MSN updated its search service Thursday, launching a new MSN Search homepage, dropping paid inclusion and separating natural and paid results.
The redesign includes a new MSN Search homepage at http://search.msn.com with easy navigation to MSN services; a search results page that separates algorithmic results from paid results and eliminates paid inclusion; direct access to information sources such as online encyclopedia Encarta; and performance improvements.
MSN also released an initial technology test Thursday of its forthcoming algorithmic search engine to get feedback from webmasters and search enthusiasts. (The test is accessible at http://techpreview.search.msn.com/.) The company described Thursday's search service update as part of initial steps toward taking search "beyond today's basic Internet search services," of which the planned search engine is a vital element.
For now, Yahoo will continue to provide MSN's search technology, though its paid inclusion listings will be dropped "to ensure people clearly understand which results are advertisements," the company said.
The search results page now clearly differentiates algorithmic, or organic, search results from sponsored links. The number of sponsored links has also been reduced so that algorithmic answers appear prominently on the first page of every query result.
Any links paid for by advertisers will be displayed in shaded boxes that clearly identify them with a "Sponsored Sites" heading, enabling consumers to choose between algorithmic results and sponsored links. The change helps MSN comply with Federal Trade Commission labeling requirements.
The upgrade has increased the relevancy of "many search query results" by nearly 50 percent, according to Yusuf Mehdi, Microsoft corporate vice president of MSN.
Users using the new design in beta testing spent 42 percent more minutes using the MSN Search service and queries per user increased by 36 percent, MSN said.
Though Yahoo's controversial paid inclusion listing will go for now, MSN will continue to evaluate the potential of paid inclusion to improve relevancy for consumers, the company said. Concerns have been voiced as to whether paid inclusion would affect results, with many opining that consumers should be notified more prominently about the paid inclusion.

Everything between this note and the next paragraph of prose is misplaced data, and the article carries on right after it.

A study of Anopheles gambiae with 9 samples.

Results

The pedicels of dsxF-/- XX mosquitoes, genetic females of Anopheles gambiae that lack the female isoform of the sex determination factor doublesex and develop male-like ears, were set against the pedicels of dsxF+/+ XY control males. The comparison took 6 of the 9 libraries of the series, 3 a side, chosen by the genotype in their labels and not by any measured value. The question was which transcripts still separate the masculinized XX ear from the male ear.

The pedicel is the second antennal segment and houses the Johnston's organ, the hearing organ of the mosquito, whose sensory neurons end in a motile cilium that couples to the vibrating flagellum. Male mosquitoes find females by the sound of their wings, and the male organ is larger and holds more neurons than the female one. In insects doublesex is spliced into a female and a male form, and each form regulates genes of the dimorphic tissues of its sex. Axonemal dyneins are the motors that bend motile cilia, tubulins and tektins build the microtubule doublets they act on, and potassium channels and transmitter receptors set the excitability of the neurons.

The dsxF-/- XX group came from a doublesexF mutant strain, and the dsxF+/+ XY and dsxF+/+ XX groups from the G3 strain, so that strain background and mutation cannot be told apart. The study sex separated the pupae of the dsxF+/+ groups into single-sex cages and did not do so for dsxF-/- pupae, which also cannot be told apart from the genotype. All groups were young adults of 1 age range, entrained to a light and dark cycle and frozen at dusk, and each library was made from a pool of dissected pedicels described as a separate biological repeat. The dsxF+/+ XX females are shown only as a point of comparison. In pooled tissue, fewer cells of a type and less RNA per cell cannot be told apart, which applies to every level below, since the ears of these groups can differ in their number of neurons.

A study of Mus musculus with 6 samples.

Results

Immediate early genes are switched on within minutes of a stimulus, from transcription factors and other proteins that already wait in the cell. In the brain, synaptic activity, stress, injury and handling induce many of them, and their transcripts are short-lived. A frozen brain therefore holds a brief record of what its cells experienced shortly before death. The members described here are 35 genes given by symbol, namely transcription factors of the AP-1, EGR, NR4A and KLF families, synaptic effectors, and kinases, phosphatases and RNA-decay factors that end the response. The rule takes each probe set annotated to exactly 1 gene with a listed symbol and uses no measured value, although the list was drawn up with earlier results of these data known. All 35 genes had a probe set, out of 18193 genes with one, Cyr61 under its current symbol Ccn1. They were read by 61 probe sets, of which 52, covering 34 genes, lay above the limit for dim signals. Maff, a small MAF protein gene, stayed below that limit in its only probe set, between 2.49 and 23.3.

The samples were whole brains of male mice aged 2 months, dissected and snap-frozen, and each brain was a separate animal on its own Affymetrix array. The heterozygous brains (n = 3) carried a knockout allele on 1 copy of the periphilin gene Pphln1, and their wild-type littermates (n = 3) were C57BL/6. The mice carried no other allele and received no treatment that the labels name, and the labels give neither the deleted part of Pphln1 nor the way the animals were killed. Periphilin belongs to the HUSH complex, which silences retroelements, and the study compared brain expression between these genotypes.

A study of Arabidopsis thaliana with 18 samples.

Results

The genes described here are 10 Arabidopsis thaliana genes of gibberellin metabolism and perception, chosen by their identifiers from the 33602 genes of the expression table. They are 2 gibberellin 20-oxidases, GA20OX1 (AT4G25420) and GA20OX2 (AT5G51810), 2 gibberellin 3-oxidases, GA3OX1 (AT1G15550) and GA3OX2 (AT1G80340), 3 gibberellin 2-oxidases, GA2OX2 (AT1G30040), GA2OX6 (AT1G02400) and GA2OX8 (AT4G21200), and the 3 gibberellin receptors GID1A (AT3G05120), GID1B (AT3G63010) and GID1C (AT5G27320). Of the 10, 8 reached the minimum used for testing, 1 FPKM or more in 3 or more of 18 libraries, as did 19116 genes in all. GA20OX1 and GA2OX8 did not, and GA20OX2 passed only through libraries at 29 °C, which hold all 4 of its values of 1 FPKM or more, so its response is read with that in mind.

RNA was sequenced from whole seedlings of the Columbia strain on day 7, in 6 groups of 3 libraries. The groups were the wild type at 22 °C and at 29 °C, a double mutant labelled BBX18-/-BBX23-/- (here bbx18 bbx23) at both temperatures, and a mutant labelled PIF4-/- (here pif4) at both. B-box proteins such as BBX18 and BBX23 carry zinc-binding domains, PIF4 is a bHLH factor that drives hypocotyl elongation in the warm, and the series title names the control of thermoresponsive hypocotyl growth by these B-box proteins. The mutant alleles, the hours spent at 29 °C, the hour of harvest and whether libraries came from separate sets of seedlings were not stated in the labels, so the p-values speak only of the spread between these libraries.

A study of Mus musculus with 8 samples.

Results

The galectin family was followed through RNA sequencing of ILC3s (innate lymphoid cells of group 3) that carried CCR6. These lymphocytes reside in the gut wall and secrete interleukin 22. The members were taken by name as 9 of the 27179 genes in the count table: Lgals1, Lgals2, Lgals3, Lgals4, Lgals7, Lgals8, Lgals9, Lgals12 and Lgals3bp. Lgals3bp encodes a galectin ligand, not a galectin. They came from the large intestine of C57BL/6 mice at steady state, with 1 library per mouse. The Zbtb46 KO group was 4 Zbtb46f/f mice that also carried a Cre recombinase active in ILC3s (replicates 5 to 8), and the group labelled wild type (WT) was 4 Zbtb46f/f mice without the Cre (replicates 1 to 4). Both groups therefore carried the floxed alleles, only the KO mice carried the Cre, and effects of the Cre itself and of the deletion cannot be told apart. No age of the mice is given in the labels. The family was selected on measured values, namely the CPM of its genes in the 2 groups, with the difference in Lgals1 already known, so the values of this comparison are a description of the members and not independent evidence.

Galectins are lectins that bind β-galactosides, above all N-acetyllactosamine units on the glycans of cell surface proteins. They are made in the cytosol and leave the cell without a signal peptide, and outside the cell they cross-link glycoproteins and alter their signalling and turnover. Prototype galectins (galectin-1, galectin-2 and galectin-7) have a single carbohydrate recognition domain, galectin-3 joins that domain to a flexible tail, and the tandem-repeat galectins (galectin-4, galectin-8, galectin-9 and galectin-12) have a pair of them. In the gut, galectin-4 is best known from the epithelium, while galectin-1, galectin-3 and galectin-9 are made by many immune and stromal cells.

MSN's move to drop paid inclusion could be seen as another black mark for the practice, which was dropped by Ask Jeeves in March. Ask Jeeves said paid inclusion impacted relevance and didn't pay off as expected.
"Looks like MSN has decided spiders do it better," said Kevin Lee, CEO of search engine optimization firm Did-It.com. "Google has the same philosophy. It's too easy for marketers to manipulate things just slightly in their favor as opposed to what Google would have preferred. Google has its own theories about what is relevant and what is not. It bases its relevance on the contents of the page. It does not want to give marketers the power to tweak the way the content is represented in the index."
Lee feels paid inclusion can be effective under certain circumstances, he said.
"As search engine marketers, we can curse the wind or adjust our sails," said Fredrick Marckini, CEO of search engine optimization firm iProspect. "Paid inclusion is a tremendous solution for companies with search engine-unfriendly Web sites. If the landscape changes, it will be necessary to explore other solutions as well."
Marckini said natural search engine optimization strategies would become a greater part of the mix now that MSN has abandoned paid inclusion.
"Yahoo is committed to CAP [its paid inclusion program] and will continue to work with content providers to evaluate ways to evolve and improve the program," said Stephanie Ichinose, a Yahoo spokeswoman. "We believe that trusted feeds provide significant quality benefits such as increasing freshness and relevancy of search results for users."
The improvements to MSN's search service also include services that help locate information without having to search through pages of Web links. The new home page has a drop-down menu next to the search box with direct access to in-depth information sources, including more than 50,000 articles and resources from the Encarta Reference Library 2004, and other industry resources. There's also a vertical news option in the drop-down menu and through MSN's Newsbot technology, which offers personalized news search across more than 4,000 news sources.
In addition to the changes to the search process, MSN's new homepage offers one-click access to MSN services, including MSN Hotmail and MSN Messenger. Other easy-access information includes weather, news, sports, entertainment, stock quotes, and My MSN personalized home page options.